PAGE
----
In all of the columns which I have written for this publication over the years (and there have been many) none have elicited more an angry response than my article on the Court of Appeals decision in Valadez v. Valadez, 2021AP1500: “The Valadez case: A bad start to the year.”
My article criticized the Court of Appeals for reversing the trial court’s custody and placement award because the father did not seek counseling with a therapist with the requisite certificate to overcome the presumption against perpetrators of domestic violence. My criticism was based on the appellate court not even mentioning the best interests of the minor children.
The criticism included comments like: “…you sound very much like you condone abuse”, “Gregg obviously supports domestic abuse against women and children”, “This lawyer is defending domestic abuse against women and children”, “This article is gross. There is a reason why domestic abuse victims are not believed. Because jerks like you defend other jerks like the judge who defends jerks like the husband”, “The WI Law Journal should be held accountable and ashamed for publishing this poorly thought through piece by another pompous lawyer, uneducated on domestic abuse and how abusers use the courts to continue their incessant abuse”, “You are obviously a part of the problem and have no business being an officer of the court…You should resign from your career, immediately” and “You come across as a smug jerk who writes much garbage, based on very little knowledge.
Well, let’s get a few things straight. Far from “defending domestic abuse”, I was an Assistant District Attorney in Milwaukee County for over seven years and prosecuted numerous cases involving violence against women. In my private practice, I’ve represented DV victims, but will not represent a perpetrator. In fact, I have withdrawn from cases where my client has violated my “zero tolerance” rule against any form of domestic violence. I’ve promoted GAL training in the effect of DV on children.
But the issue is not about me – rather, it’s whether in determining placement and legal custody, does the inquiry stop when there is domestic violence or are there circumstances where other considerations might override those facts? One critic of my column at least correctly understood the issue by commenting: “The best interest of the child and that of the victim are inseparable. You can’t have one without the other.”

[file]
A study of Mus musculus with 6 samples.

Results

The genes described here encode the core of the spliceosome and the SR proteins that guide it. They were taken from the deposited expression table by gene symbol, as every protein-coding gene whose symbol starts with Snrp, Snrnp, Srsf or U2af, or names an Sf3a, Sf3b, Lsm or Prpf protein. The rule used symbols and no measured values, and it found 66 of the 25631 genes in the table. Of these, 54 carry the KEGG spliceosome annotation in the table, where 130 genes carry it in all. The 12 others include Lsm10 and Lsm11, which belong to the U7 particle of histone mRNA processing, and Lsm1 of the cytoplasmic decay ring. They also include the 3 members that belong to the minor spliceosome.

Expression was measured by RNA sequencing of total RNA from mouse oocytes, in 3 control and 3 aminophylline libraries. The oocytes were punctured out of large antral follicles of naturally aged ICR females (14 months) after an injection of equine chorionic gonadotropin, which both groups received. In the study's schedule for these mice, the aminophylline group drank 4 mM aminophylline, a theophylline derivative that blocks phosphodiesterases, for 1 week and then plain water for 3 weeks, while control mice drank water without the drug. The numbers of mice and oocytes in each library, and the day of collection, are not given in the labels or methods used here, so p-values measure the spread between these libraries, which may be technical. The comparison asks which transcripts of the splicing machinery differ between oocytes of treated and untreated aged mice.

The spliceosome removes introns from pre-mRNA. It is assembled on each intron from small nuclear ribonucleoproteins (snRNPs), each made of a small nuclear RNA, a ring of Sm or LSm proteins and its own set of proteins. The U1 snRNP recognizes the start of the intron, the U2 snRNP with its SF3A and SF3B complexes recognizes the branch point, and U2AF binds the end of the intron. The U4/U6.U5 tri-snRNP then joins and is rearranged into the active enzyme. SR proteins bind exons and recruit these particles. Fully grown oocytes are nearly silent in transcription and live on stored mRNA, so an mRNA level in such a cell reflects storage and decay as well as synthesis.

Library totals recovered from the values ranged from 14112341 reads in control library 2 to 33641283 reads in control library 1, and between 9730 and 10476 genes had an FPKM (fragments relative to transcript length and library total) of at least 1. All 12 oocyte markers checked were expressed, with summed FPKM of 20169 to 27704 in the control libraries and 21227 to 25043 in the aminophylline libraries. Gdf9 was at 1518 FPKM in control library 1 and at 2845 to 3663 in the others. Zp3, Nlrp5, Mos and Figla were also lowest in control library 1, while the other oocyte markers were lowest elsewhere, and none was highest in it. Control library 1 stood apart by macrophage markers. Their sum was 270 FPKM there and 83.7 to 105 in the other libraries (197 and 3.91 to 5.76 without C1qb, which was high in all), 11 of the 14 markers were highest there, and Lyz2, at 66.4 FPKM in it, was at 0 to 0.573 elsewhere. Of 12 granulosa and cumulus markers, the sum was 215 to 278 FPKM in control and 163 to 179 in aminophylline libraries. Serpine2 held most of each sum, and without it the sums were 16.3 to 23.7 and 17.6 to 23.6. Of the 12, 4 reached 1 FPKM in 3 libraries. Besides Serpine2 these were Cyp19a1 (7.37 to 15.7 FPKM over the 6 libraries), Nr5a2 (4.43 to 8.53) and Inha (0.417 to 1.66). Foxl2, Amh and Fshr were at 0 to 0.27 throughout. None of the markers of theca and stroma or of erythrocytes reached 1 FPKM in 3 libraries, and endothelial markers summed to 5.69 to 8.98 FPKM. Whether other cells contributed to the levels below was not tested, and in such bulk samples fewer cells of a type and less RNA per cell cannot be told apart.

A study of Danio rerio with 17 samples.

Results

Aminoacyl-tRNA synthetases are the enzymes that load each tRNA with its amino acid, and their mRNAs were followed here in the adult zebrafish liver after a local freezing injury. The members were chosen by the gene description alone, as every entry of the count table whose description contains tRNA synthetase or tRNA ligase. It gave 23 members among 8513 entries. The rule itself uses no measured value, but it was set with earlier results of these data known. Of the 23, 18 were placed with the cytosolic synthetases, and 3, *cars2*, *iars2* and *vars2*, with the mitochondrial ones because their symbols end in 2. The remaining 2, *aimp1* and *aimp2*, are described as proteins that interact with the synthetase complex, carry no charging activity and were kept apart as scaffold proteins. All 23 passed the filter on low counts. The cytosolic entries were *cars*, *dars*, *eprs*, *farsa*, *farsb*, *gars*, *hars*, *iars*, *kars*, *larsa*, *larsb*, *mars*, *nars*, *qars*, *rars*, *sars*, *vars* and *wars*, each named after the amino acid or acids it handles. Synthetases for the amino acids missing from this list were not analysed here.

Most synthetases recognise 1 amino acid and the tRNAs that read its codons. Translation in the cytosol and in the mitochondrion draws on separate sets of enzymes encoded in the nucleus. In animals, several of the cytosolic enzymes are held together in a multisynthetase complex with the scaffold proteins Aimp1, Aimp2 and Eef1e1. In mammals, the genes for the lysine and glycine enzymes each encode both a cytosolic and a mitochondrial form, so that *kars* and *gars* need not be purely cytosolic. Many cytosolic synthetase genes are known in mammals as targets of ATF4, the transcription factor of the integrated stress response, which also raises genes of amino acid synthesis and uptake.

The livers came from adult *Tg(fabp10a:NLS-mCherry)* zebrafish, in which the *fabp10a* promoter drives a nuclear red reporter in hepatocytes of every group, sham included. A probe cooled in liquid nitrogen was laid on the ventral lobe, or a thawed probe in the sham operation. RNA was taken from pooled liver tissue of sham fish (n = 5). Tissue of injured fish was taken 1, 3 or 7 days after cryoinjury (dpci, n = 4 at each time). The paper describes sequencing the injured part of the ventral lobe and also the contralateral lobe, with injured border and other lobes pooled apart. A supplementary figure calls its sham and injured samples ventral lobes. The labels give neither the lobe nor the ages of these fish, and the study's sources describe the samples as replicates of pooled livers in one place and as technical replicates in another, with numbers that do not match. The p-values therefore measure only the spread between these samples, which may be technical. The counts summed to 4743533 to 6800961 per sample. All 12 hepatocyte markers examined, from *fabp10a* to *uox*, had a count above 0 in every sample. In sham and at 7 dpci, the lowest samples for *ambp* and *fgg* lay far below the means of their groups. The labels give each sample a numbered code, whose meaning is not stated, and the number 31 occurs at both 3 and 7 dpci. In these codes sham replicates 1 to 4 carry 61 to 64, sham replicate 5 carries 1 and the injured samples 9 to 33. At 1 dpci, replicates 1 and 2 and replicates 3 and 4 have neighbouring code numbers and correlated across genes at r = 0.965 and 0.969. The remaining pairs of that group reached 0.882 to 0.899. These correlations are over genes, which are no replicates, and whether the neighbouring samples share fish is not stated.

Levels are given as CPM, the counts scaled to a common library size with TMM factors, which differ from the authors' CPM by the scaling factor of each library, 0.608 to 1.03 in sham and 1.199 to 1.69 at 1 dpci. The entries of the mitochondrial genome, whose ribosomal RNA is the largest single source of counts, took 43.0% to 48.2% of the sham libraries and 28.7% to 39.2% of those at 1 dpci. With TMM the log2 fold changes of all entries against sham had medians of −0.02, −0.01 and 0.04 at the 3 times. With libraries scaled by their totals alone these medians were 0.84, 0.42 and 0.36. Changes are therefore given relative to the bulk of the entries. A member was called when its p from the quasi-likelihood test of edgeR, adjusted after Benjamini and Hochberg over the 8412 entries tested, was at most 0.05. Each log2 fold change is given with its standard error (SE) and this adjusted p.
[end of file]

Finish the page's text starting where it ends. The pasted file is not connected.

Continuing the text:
I’m not so sure. Courts have to deal with real life and sometimes real life entails difficult choices. Sometimes there are no good answers, only degrees of bad.
When I served in the role as a Guardian ad Litem for minor children, I frequently consulted a child psychologist, Dr. Mary Zosel, for advice as the GAL role is frequently less law (in which I am trained) and more psychology or child development (in neither of which am I trained). Dr. Zosel would not use the term “best interests” as it means a paramount result. Instead, she used the term “the least detrimental alternative.”
Not having heard both sides of the dispute, I don’t presume to know the answer in the Valadez case. However, I suspect that the court does not have a “best” option. In such event, the court needs to search for which result would do the least harm. In doing so, I believe that the court needs to weigh all relevant circumstances. While domestic violence is a very important factor to consider, there are cases where there are other important factors as well. In such cases, the court has the unenviable job of weighing all of these factors to make the best – or the least bad – decision.